ONE OF NBA’S BIGGEST FIASCOS “It feels like one of those cheap balls you buy at the toy store.”

ONE OF NBA’S BIGGEST FIASCOS “It feels like one of those cheap balls you buy at the toy store.”

‘20/’21 will be Spalding’s 37th and final season as NBA’s official ball. Wilson, their original partner, will return as the official manufacturer of game balls for the National Basketball Association. The announcement pointed out that Wilson will use leather from the same supplier, and ‘the new balls will keep the same eight-panel configuration and performance specifications as the ones currently used.’

It’s not often you announce a new partner and make sure to point out everything will stay the same. Usually, a new partner boasts about new technology and describes all the way they will improve whatever they are bringing to the table. That’s a consequence of the 2006 synthetic ball – one of NBA’s biggest fiascos. 

A moment that was supposed to mark a significant move towards cutting edge technology turned out to be a three-month disaster. The league had decided to replace the traditional leather ball in favor of a microfiber composite one. The sporting goods manufacturing industry widely viewed the composite material as the future. It didn’t hurt it was cheaper to produce and were supposed to feel broken in from the box.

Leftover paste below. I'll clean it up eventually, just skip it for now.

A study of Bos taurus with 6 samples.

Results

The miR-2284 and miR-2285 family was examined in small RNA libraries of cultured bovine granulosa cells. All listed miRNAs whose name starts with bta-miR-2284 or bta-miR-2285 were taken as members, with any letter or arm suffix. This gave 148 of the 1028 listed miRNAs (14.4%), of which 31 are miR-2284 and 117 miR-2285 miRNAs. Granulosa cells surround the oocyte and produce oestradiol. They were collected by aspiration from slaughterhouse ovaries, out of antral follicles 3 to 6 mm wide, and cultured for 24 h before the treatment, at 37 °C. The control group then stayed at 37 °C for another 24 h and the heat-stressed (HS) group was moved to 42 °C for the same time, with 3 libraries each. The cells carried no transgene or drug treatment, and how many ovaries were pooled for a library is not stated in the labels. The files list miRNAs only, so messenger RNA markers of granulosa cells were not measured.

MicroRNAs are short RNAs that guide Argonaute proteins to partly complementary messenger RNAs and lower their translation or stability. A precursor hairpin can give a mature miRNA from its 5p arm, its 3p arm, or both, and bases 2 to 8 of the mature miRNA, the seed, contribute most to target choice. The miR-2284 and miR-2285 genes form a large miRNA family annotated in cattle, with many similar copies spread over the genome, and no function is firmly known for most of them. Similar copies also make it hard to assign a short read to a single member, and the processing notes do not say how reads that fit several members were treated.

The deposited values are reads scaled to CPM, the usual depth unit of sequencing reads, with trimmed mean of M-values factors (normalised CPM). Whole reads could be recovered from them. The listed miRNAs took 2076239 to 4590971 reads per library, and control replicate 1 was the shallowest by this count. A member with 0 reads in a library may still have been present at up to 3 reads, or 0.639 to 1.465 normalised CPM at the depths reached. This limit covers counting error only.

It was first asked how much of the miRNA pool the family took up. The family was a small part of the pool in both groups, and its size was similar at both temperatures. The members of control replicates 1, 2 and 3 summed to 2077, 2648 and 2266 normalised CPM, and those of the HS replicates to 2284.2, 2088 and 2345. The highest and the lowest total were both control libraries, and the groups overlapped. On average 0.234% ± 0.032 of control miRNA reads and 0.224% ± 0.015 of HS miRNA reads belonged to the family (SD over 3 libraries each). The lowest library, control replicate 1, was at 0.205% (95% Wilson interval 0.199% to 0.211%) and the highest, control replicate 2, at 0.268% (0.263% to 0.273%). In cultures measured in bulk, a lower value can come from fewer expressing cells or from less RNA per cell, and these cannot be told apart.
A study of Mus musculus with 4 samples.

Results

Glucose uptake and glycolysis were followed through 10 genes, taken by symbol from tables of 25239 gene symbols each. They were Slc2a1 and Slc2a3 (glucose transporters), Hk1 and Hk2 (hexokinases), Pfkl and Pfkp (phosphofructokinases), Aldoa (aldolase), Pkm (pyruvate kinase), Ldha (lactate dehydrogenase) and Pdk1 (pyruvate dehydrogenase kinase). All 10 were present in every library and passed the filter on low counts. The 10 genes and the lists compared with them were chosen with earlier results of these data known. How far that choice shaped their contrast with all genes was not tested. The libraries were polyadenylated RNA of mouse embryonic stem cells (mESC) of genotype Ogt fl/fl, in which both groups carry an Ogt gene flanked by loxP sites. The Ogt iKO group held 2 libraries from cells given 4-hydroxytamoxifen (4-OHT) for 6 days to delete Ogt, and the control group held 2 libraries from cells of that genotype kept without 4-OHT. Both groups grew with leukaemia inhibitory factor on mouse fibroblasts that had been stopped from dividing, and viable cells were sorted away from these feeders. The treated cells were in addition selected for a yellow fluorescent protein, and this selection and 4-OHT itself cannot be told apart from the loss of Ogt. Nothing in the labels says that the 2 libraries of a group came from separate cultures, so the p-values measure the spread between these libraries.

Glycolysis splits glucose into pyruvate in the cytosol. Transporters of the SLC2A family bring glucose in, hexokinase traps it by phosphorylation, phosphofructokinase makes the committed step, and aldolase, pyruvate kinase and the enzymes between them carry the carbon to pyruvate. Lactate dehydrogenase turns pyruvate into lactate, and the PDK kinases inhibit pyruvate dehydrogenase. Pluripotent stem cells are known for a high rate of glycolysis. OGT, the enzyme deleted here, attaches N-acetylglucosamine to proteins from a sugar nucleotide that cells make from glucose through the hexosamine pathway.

Most people don’t know players don’t like playing with new balls. Actually, all balls used in a season are broken in by teams during training camps and preseason. The “New Ball” was supposed to solve that problem, and be marketable to the general public. The story was Spalding, and the NBA spent two years developing it before it was introduced – players’ reactions wouldn’t lead to such a conclusion.

“Right off the rim when I first started gripping it, I didn’t like it. It felt like plastic.”

Stephen Jackson, Complex

Players experienced a lot more cuts on their fingers and unanimously trashed the ball in public. Marc Cuban requested that the University of Texas at Austin’s physics department commission a comparison of the old and new ball. They did just that and determined that while there were no noticeable differences in dry conditions, “but the leather ball changed very little when it got wet, whereas the rubber ball became very slippery.”

After three months and a lot of complaining, David Stern admitted defeat and announced the NBA was returning to the old leather ball. His statement said that the NBA and Spalding did extensive testing and found the new ball to be superior, but the most critical opinion was that of players, and they gave their verdict. 

“It was just a feeling like you got your girlfriend back.”

Stephen Jackson, Complex

That’s why NBA and Wilson made sure to point out that not only will they use the same specifications and suppliers on the ball Wilson will introduce, but NBA players will also have a role in approving, developing, and refining the new ball. They won’t make the same mistake again.